Investor complaints about the long delays and puny payouts from the receiver in charge of rounding up assets from Allen Stanford's alleged $7 billion ponzi scheme have prompted an SEC investigation of the receiver.

Allen Stanford
AP
Allen Stanford

SEC Inspector General David Kotz confirms he is looking into whether the SEC's actions regarding oversight of the receiver has been on the up and up. In a motion filed Monday, attorneys said that of the $119.7 million recovered by the receiver, $118.2 million has gone to expenses and fees, leaving just $1.5 million for investors.

The receiver, Dallas attorney Ralph Janvey, was appointed by a federal judge at the SEC's request, after the agency sued Stanford in 2009. But more than two years later, Janvey has recovered just pennies on the dollar for Stanford investors.

"We did receive a complaint recently about Stanford receivership-related issue," Kotz told CNBC. "We have looked at it and plan to open up an inquiry or investigation with respect to allegations regarding improper conduct of SEC employees."

It is the latest in a series of Stanford-related investigations by Kotz, who earlier found SEC staffers were aware of problems at Stanford as far back as 1997.

The new investigation is apparently the result of a request by a Massachusetts law firm, Kachroo Legal Services, that has been attempting to intervene in the Stanford litigation on behalf of a handful of Stanford investors claiming "malfeasance and waste" in the receivership.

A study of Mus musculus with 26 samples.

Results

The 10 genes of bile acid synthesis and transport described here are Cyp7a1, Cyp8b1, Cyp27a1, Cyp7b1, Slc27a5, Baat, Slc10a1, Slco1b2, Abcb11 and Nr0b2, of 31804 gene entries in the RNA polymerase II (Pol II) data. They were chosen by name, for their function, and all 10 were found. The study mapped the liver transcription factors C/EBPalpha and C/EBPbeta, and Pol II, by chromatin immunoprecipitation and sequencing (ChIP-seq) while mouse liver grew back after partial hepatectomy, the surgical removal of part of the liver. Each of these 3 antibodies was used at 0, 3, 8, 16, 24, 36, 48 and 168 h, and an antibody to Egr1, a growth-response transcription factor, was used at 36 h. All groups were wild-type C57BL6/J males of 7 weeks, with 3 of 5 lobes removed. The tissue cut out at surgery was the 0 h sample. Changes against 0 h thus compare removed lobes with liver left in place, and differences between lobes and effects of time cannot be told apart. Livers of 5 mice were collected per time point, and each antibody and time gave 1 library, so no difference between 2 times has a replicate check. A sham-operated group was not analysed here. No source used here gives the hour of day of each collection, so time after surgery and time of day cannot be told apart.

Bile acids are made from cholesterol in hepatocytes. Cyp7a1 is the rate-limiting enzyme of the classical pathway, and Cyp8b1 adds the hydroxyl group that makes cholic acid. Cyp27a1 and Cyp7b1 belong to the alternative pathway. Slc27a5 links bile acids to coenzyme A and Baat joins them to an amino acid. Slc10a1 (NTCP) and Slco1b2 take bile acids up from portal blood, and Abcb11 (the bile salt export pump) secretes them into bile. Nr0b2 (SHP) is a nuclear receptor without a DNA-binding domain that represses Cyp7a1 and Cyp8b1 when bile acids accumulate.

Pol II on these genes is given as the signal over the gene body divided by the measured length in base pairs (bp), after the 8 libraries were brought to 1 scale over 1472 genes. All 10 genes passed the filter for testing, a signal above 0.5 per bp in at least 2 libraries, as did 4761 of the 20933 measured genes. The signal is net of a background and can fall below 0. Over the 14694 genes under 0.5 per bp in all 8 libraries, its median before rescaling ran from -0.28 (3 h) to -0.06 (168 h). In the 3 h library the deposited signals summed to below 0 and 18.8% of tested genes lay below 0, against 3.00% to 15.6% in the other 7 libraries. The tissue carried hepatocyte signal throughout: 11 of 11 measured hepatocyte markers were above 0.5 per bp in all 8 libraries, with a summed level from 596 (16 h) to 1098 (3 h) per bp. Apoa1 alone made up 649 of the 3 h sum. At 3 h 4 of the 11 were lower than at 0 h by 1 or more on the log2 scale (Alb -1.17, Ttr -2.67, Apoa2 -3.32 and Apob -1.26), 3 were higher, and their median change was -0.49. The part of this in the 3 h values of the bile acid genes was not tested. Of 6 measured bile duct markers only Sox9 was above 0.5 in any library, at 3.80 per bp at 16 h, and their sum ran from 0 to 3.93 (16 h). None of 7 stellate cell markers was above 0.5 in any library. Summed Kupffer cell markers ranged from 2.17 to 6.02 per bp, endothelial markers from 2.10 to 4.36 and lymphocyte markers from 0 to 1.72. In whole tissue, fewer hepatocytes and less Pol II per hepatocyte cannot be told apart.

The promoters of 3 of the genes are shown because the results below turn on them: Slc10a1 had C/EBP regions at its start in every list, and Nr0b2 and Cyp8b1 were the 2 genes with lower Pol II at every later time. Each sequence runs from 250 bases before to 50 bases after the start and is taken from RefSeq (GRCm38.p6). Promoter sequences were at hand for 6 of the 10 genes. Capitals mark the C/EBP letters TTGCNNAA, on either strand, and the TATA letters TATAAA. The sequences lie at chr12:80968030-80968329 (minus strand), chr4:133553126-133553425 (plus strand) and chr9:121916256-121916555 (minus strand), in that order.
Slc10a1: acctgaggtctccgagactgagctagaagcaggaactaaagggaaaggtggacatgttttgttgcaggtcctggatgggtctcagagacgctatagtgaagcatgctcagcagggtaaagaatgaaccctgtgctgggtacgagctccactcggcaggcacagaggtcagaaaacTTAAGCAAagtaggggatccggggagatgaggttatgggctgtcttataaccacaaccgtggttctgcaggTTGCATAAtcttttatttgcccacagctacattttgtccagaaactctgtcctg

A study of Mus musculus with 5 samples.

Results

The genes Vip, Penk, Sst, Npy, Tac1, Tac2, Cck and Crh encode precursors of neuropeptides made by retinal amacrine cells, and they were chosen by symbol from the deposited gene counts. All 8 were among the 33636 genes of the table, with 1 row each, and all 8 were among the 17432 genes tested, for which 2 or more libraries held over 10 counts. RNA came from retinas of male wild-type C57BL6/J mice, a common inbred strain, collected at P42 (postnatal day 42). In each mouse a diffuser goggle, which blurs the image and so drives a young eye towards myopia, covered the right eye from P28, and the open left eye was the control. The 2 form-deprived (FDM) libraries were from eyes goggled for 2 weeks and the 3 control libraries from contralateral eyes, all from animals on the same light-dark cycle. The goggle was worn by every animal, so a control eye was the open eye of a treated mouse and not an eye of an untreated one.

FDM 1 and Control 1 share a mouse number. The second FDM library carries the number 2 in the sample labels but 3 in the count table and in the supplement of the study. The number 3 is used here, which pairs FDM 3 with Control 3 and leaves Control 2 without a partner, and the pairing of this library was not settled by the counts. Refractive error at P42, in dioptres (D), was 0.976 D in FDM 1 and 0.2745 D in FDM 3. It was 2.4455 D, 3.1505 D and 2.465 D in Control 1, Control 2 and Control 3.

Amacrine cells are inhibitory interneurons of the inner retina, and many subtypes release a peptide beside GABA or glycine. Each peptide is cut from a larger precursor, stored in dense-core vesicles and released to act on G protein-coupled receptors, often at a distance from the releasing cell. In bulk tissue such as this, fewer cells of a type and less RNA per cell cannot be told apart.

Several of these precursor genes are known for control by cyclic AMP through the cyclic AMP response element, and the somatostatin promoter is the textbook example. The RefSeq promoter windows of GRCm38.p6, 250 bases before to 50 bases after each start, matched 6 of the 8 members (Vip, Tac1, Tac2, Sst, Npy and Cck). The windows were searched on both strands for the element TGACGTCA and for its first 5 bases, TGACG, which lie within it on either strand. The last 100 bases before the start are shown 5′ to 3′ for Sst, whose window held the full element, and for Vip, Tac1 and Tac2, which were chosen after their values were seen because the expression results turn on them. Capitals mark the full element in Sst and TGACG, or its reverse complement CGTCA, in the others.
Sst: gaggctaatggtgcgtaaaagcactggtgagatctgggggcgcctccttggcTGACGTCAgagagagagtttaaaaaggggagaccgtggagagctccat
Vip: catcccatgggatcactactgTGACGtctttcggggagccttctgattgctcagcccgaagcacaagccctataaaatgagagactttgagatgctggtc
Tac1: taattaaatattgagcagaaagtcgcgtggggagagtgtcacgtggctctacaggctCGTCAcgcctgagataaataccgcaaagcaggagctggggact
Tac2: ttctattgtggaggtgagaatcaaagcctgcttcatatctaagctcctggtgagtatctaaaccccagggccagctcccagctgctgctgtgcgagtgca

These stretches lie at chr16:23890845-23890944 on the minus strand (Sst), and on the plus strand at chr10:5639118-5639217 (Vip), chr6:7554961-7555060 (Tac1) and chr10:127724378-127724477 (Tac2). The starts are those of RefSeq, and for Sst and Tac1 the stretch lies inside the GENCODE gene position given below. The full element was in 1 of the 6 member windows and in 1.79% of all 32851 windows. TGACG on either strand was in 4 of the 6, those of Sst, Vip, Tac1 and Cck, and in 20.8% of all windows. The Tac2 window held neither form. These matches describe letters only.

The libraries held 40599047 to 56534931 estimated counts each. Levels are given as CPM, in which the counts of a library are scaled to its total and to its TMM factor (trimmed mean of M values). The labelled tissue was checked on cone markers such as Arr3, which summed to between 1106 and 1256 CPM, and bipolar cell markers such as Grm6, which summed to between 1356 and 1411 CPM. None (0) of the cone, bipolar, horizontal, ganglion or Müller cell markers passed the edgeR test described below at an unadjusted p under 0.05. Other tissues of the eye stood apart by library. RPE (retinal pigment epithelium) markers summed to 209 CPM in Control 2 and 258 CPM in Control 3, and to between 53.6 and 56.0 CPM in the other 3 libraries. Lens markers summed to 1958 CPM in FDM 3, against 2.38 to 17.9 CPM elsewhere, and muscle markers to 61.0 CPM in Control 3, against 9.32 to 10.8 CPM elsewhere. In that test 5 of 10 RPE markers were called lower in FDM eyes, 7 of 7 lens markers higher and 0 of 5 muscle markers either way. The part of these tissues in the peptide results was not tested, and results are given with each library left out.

The complaint also alleges an improper relationship between Janvey and the official court-appointed Stanford investors committee, which consists of four attorneys and two individual investors. Rather than looking out for all 28,000 investors, the complaint alleges, the committee is simply generating more fees for the attorneys.

"And the potential compensation to these attorneys is enormous," the complaint says.

Janvey's attorney, Kevin Sadler, tells CNBC in a statement that Janvey has not yet heard from Kotz, "but will respond promptly and appropriately to any such request or inquiry, just as the receiver has responded to numerous requests from other government agencies" since being appointed in February of 2009.

"The allegation of an 'inside deal' between the receiver and the investors committee is patently false and completely irresponsible," the statement adds.

"Through dozens of motions, reports and fee applications filed with the court, as well as hearings held in open court, all of the receiver's activities have been transparent and open to scrutiny by the Court and other interested parties."

But attorney Gaytri Kachroo, who filed the new motion and requested the Inspector General's investigation, notes that the last time the SEC objected to a bill from Janvey was more than a year ago.

Stanford, 61, has denied wrongdoing and claims Janvey and the SEC have been dismantling a legitimate business. He is scheduled to go on trial in January on 14 criminal counts.